According to a new study from New York-based Nielsen, 60 percent of global consumers with Internet access prefer to buy new products from a familiar brand rather than switch to a new brand. The Nielsen Global Survey of New Product Purchase Sentiment surveyed more than 29,000 Internet respondents in 58 countries and shows that brand familiarity is one of several key characteristics that resonate strongly with consumers worldwide.
“Innovating on established brands that are already trusted by consumers can be a powerful strategy,” said Rob Wengel, senior vice president of Nielsen Innovation Analytics, in a statement. “Companies spend millions of dollars on new product innovation, yet two out of every three new products will not be on the market within three years. Marketers and retailers can deliver successful new products by ensuring they uncover unmet consumer needs, communicate with clarity, deliver distinct product innovations, and execute an optimal marketing strategy.”
Half of global respondents say they are generally willing to consider a new product purchase, with respondents in North America and the Middle East/Africa (57 percent) most enthusiastic about making a switch. Nielsen’s survey shows that value and proof-of-concept make a difference: 64 percent of respondents say they would consider value or store-brand options, and 60 say they will wait until a new innovation has proven itself before making a purchase.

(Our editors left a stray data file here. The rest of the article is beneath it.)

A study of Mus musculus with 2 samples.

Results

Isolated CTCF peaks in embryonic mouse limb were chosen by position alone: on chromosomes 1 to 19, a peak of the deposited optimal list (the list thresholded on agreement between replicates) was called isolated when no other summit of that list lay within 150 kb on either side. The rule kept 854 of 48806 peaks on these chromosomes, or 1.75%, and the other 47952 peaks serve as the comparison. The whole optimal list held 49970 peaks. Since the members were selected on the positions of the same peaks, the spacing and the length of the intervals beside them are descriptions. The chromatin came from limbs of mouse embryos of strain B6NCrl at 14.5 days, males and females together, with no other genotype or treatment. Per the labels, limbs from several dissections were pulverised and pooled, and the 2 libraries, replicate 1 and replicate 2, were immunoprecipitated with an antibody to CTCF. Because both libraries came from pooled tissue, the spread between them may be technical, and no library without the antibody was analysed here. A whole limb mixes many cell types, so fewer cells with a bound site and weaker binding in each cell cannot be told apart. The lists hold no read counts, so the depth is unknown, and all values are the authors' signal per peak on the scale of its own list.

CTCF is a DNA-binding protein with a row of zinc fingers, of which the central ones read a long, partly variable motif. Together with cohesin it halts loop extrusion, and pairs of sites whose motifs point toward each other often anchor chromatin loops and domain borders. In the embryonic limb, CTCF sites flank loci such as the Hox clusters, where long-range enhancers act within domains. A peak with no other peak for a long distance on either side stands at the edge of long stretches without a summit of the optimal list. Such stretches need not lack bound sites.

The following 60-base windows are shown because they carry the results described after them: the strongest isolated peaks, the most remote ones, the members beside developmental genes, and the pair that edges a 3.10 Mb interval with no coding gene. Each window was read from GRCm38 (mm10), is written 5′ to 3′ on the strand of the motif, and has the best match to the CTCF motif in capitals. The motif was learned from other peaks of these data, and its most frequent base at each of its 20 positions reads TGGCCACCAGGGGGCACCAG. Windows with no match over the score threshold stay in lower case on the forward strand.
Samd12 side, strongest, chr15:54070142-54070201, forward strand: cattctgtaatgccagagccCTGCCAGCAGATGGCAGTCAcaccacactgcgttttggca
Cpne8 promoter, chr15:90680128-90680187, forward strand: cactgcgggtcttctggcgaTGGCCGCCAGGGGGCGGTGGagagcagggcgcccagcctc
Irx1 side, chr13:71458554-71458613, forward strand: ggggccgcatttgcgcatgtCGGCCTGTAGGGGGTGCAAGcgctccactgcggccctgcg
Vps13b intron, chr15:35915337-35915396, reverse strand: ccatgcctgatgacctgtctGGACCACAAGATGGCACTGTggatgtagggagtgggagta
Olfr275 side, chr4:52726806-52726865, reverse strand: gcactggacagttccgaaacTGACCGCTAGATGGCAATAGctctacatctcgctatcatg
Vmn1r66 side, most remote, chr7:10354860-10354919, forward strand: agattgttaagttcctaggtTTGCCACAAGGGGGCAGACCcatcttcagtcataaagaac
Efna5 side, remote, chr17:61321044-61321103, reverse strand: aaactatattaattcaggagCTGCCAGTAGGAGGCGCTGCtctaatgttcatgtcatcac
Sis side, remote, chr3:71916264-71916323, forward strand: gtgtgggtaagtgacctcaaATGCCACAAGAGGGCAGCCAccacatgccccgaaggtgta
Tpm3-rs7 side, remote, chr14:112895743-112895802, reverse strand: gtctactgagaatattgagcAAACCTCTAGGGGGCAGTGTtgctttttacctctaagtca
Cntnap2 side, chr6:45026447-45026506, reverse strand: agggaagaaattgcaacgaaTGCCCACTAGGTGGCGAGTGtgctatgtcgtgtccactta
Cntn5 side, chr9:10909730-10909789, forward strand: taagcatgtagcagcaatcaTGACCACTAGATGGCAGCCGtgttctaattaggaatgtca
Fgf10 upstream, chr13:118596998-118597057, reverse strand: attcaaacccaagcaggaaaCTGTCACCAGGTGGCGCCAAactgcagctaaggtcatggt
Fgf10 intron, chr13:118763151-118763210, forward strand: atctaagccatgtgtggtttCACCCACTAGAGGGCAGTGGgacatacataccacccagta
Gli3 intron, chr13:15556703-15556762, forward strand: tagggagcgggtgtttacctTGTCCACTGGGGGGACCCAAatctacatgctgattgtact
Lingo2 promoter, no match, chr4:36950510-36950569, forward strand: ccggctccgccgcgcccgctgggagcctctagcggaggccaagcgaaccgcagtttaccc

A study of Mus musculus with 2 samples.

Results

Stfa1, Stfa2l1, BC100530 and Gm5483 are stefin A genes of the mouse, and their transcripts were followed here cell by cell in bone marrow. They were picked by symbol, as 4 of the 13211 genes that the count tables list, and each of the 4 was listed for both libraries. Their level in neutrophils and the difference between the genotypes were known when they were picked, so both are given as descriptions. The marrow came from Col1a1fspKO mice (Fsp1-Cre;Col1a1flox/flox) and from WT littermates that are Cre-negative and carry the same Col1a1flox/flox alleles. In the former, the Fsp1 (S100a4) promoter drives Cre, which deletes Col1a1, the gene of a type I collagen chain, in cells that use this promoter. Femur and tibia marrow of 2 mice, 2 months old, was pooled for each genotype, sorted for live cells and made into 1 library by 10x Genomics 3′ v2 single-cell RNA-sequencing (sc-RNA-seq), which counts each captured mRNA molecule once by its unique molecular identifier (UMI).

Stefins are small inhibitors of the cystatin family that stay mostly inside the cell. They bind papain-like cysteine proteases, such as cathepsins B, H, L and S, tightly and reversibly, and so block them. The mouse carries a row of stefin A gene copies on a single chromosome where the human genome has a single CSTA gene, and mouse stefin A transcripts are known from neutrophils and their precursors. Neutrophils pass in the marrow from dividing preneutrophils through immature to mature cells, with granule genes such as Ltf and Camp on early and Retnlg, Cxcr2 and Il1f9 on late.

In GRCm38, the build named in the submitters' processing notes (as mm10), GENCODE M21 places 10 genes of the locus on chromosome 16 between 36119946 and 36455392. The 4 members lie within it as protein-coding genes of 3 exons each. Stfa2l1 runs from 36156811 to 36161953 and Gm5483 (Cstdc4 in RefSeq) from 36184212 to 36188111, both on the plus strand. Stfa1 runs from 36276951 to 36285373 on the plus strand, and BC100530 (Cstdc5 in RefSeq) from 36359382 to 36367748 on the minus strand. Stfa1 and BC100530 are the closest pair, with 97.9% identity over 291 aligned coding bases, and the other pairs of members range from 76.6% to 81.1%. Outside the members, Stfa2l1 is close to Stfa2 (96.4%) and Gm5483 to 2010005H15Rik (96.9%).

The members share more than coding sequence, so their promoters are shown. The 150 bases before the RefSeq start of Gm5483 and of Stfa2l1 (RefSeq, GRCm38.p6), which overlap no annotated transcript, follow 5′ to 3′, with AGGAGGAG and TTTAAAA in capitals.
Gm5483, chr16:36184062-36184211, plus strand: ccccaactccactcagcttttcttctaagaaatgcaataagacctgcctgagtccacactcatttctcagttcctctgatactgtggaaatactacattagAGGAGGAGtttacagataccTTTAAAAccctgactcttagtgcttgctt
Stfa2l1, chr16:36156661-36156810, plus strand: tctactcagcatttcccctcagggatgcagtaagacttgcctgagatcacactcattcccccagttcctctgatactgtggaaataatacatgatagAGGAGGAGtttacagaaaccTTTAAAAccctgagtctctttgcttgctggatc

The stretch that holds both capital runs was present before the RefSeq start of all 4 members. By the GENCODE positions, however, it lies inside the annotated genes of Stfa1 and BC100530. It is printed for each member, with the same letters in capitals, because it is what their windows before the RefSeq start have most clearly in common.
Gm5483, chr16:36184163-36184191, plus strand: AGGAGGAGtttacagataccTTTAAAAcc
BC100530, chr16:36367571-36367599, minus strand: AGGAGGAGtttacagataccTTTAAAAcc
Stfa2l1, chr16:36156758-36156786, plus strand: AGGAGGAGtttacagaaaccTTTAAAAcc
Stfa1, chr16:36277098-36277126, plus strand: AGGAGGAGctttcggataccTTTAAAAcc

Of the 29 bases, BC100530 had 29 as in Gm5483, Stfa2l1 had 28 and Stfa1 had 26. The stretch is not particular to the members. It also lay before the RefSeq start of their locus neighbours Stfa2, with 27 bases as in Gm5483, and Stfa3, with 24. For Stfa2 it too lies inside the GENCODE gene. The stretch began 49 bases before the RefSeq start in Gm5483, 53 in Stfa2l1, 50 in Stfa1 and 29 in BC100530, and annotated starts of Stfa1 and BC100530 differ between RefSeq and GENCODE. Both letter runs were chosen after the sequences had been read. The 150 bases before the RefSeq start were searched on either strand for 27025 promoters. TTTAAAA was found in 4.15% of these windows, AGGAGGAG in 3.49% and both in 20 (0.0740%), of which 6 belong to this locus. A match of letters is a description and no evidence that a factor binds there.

“Consumers are enthusiastic about adopting new product innovations but somewhat apprehensive about embracing new brands,” Wengel said in a statement. “In order for consumers to adopt new brands, marketers need to launch very strong awareness and trial-building campaigns, supported by a positive product experience. Generating positive word-of-mouth endorsements are important, because negative experiences can significantly diminish the likelihood of new product success.”
Economic factors also play a role in purchase decisions, as 45 percent of global respondents report that challenging economic conditions make them less likely to try a new product. Thirty-nine percent of respondents indicate a willingness to pay a premium price for a new product.
Nielsen’s survey shows that distinctions exist with regard to preferences for local and global brands. Forty percent of global respondents say they are partial to local options, with North Americans most in favor of local brands (47 percent). Asia-Pacific respondents are less likely to make a local purchase — 26 percent say they do not prefer to buy local brands instead of large global brands.
Nielsen’s review of 21 methods to reach consumers across various media and advertising platforms shows that a mix of word-of-mouth communication, traditional advertising and Internet activity are the most persuasive ways to drive awareness. However, potential reach and ease of execution varies substantially, it reports.
While 77 percent of global respondents say word-of-mouth advice from family and friends is the most persuasive source of new product information, active Internet searching (67 percent) and traditional TV advertising (59 percent) remain influential, the survey shows. Globally, 62 percent of respondents say the Internet is very or somewhat important when making a new product purchase decision for food and beverages.
“There is no one-size-fits-all approach to successfully developing and marketing a compelling new product,” Wengel said in a statement. “By focusing on unmet needs, creating a distinct solution and developing a market-ready offer, marketers and manufacturers will create the best opportunity to ensure their product delivers on core demand insight and is ultimately adopted by consumers. However, ensuring consumers are aware of the product and can find it on store shelves is just as critical as coming up with that winning new product idea.”